Visa to author Salman Rushdie is unlikely to be a big election issue for Muslims, who are more concerned with their day-to-day affairs, Jammu and Kashmir Chief Minister Omar Abdullah said on Wednesday.
"I do not believe there are many Muslims in India for whom visa to Salman Rushdie will be an election issue. They are more concerned with day to day concerns and future," Omar told reporters.
The chief minister, who chaired a Maha-Panchayat of village heads in Jammu city, said "I think we underestimate the intelligence of Indian Muslims when we try and raise issues like this which has a no bearing on the day-today concerns of Muslims.
"Is this the first time Rushdie is coming to India. As far as I know he has come before this also," Omar said adding, "Why suddenly is it becoming an issue -- clearly, there are those who are seeking to exploit this for political purposes given that there are elections in five states in next month or two".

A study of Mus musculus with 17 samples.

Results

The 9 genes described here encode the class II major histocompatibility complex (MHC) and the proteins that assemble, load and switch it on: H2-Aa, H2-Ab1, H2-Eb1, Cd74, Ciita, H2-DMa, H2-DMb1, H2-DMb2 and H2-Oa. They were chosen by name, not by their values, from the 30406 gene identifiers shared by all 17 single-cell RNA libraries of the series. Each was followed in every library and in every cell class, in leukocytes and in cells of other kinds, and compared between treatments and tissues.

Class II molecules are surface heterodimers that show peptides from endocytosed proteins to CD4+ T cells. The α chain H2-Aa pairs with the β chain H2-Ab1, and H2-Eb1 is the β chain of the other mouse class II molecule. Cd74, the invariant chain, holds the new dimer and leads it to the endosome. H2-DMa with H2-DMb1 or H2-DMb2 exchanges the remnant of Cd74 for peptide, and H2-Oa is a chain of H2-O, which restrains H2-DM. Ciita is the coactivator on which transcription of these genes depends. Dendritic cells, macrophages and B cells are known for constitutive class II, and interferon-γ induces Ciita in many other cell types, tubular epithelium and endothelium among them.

"Rushdie has visited India before. If it was for the first time he is applying for a Visa, it might be different-- I do not think this is an issue that anybody should be concerned," Omar said.
The chief minister further said, "We are more concerned with day to day livelihood issue of Muslims in the country."
Rushdie had invited wrath of Muslims due to the alleged blasphemous content in his 1988 novel 'The Satanic Verses'. It was subsequently banned in India. The recent row over Rushdie's visit to country erupted when Vice Chancellor of a leading Islamic seminary, Darul Uloom Deoband, said on January 10 that the "Indian government
should cancel his visa as Rushdie had annoyed the religious sentiments of Muslims in the past."However, the government ruled out barring Rushdie from visiting the country.